Disaster averted?

Disaster averted?

This year will be remembered for the crisis that wasn't.

Anyone remember that big pension snafu, the one that was going to cause hundreds of university employees to run for the retirement exits rather than take a hit on their pension earnings?

Never mind. The problem has gone away. In fact, it never was a big problem. At least that's the revisionist version of what transpired.

Unfortunately, it's not quite that simple. Perhaps that's why state Sen. Chapin Rose says he'll continue to push for legislative language to resolve the issue.

The State Universities Retirement System initially interpreted the state pension bill passed in December as establishing a June 30, 2013, rather than a June 30, 2014, cutoff date for determining retiree benefits. Current university employees were told that if they stayed past June 1, they would face a reduction, possibly quite sizeable, in pension income.

To stave off large numbers of retirements, SURS and university officials urged legislators to fix the law.

But Illinois House Speaker Michael Madigan recently came forward with a simpler solution. He suggested SURS, like other state pension funds, reinterpret the law as establishing the June 1, 2014, cutoff date. He described the statutory language as "ambiguous" and urged SURS to rely on the Legislature's clear intent.

Presto chango, SURS decided the bill's language was "ambiguous" and adopted the more convenient cutoff date.

The courts have ruled that legislative intent, so far as it can be clearly determined from the historical record, is helpful in interpreting a statute's meaning. But the courts also have plainly stated that the language contained in a statute is the first and best way to determine a statute's meaning. And the reality is that the language reinterpreted as "ambiguous" isn't all that ambiguous. After all, Speaker Madigan also said that he, like Sen. Rose, continues to support legislation to correct the "technical error."

But there's a bigger issue at play. This is what happens when important, complicated legislation is passed without adequate time for a thorough review.

Part of the problem lies with the General Assembly, where legislative leaders rule like autocrats. But responsibility also lies with retirement funds like SURS. In a letter to SURS, Madigan pointed out that the system officials were "directly involved" in drafting the statutory language and "at no point" raised any concerns.

Without saying so outright, Madigan suggested SURS officials were asleep at the switch. They defended themselves, stating that no one caught the "glitch" because the bill was lengthy and complicated..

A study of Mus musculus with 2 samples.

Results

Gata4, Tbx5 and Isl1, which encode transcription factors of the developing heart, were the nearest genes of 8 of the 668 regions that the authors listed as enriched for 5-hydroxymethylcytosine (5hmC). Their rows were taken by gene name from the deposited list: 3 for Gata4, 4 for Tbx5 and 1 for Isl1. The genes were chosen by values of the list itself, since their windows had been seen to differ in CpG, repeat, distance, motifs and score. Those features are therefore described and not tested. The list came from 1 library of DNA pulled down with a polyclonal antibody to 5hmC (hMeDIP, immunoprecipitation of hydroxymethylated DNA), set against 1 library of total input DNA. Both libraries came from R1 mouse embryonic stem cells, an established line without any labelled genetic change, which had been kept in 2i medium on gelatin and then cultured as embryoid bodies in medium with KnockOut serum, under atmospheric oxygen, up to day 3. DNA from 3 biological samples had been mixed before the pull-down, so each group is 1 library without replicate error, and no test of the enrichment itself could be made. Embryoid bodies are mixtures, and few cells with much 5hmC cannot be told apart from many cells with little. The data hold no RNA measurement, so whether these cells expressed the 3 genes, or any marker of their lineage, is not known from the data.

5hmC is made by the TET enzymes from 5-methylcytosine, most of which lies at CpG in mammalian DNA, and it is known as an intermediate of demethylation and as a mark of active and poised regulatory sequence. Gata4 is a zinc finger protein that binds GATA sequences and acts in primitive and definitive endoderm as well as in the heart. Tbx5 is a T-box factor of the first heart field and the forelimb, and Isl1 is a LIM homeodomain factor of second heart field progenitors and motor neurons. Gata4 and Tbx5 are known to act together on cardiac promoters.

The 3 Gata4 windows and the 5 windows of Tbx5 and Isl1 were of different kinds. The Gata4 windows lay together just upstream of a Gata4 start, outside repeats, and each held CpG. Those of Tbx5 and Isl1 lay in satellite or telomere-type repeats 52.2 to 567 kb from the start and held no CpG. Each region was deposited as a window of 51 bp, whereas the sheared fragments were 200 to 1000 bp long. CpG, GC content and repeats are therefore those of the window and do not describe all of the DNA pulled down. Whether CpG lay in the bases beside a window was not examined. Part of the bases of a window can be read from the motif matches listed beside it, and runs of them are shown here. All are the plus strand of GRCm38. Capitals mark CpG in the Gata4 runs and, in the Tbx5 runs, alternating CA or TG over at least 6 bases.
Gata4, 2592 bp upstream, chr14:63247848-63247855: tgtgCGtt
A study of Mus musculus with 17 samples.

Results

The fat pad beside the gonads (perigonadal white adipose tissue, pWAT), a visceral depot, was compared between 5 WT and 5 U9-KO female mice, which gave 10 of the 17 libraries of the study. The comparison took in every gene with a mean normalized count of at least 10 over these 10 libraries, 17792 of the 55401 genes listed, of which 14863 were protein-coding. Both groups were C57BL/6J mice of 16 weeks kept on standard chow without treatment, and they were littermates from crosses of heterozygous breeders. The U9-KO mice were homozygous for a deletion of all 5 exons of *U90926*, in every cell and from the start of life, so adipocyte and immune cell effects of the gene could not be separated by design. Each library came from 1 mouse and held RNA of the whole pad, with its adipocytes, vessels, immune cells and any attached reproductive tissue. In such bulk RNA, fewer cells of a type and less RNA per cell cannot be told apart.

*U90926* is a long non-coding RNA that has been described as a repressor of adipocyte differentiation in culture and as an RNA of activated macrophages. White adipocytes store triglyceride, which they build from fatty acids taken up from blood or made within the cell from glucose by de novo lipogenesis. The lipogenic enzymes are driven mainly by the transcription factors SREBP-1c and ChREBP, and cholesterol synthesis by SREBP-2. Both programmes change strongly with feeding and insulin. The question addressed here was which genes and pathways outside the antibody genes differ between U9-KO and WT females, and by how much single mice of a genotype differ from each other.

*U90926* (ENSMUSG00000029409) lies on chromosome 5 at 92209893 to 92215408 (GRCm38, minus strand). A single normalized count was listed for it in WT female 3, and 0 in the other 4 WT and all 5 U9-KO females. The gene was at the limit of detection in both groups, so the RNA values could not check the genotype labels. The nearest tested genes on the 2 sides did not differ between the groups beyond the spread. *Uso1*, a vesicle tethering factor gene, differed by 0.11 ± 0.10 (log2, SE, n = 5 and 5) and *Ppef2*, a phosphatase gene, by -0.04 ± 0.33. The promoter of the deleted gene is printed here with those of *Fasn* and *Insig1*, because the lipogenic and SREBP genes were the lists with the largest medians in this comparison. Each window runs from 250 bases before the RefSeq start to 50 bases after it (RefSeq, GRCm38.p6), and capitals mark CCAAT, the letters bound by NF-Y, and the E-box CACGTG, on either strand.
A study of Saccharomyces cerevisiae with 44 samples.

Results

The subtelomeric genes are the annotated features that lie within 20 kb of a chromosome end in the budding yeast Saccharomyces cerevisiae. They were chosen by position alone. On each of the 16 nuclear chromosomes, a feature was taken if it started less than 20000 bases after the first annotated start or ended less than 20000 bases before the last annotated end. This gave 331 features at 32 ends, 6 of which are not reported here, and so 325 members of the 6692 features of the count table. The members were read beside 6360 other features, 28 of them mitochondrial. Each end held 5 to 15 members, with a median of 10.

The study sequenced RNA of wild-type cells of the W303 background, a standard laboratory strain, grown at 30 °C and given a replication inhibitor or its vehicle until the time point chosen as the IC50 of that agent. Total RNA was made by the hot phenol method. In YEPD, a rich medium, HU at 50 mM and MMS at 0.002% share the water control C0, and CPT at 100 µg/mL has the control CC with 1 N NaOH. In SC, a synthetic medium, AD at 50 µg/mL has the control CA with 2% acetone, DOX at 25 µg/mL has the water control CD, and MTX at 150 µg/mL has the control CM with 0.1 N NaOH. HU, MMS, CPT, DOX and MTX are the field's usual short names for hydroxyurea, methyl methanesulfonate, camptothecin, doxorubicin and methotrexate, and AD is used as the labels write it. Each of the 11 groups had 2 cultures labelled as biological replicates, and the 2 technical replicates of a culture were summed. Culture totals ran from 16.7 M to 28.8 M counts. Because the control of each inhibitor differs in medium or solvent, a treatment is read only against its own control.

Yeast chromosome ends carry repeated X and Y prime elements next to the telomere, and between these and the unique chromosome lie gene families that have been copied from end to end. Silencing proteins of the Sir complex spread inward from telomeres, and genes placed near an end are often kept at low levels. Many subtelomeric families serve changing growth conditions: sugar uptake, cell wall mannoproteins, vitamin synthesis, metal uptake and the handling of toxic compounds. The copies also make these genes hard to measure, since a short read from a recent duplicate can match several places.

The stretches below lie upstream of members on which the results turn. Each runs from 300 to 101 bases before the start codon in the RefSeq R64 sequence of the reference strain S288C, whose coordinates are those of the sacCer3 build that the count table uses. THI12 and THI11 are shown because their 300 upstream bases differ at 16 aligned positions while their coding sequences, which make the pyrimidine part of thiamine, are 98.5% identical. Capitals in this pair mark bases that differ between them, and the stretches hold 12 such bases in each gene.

Given the importance of pension issues to thousands of university employees and the crucial importance of dates on which pension benefits are determined, Madigan's point is well taken.

Just as it was easy not to pay attention to the bill's language, SURS has now found it easy to reinterpret the bill's language. Bad things happen when people take the easy way out.


So the big flush comes next year instead of this year.  That gives one year for the university to create a second retirement program for the academics.  It is doubtful that many of the staff will be included in the separate pension plan.  Really, what difference will one year make; and will the workers trust the employer who stole their original pensions to do the right thing without legal clarification of the "pension reform"?  The constitutionality of the pension reform law, SB1, still waits for the State of Illinois Supreme Court to decide.  Of course, the political State of Illinois Supreme Court is delaying it's constitutional decision until after the fall election.

Will people who worked their career years leading to retirement trust their corrupt employer, and delay retirement; or not take a chance, and get out now?  After the workers leave; who in their right mind will accept employement with the State of Illinois to replace them?  The university would be well served as would the State of Illinois if the "flagship of higher education" went private with no state support what so ever.  Honor the debts, and obligations already created, and constitutionally protected.  Disassociate the U of I from state higher education; and create a private retirement system in a private university.  The citizens of the state would remain ashamed of their state government; but at least, they would lose the shame of continuous scandals at their "flagship university".